One common mistake employers make is declaring someone an independent contractor when, in fact, they are actually employees. The same occurs the other way around, though that may not be quite as frequent. You should carefully consider the classification of your company’s employees and independent contractors to avoid potential labor law violations. Although your company saves money without the obligation of employer taxes for independent contractors, the cost of misclassification can be significant.
Here are a few factors that designate independent contractor status.
Freedom to decide their own schedule and location
Independent contractors can set their own schedules, decide when they want to work and even choose where they will work. Companies cannot dictate these things if they declare someone an independent contractor.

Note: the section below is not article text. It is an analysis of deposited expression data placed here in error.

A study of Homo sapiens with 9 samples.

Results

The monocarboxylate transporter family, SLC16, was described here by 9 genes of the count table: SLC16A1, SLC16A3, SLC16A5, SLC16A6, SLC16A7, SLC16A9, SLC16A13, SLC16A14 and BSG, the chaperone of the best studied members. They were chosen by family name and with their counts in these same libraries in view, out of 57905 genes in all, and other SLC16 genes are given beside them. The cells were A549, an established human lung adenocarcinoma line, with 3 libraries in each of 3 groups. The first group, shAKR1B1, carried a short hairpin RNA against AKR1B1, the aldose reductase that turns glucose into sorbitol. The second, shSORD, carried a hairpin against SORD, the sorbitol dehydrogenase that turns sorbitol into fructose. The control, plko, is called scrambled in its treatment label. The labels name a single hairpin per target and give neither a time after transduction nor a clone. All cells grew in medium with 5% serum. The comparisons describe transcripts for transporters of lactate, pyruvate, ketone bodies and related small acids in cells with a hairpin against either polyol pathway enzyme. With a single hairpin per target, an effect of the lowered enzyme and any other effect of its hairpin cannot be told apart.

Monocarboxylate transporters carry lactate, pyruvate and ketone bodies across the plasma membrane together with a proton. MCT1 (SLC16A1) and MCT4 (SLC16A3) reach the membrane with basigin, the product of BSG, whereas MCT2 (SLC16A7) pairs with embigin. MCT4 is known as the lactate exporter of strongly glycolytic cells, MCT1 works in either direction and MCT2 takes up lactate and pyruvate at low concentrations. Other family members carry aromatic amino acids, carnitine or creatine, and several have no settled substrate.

Flexibility in work methods
While you can assign tasks to independent contractors and set goals, the company cannot define how independent contractors complete those tasks. Workers have the freedom to decide how they get the job done and only provide the results to the company.
An independent contractor is not traditionally paid on a salary schedule like employees but instead under a contractually defined schedule based on achievements or progress milestones.
Type of service
Under tax laws, an independent contractor should provide services that are different from the company’s primary operations.
Ensuring proper identification of employees versus independent contractors protects your business from certain violations of labor laws and the costly penalties that can result. Consider these elements as you determine the proper designations for your employees and contractors.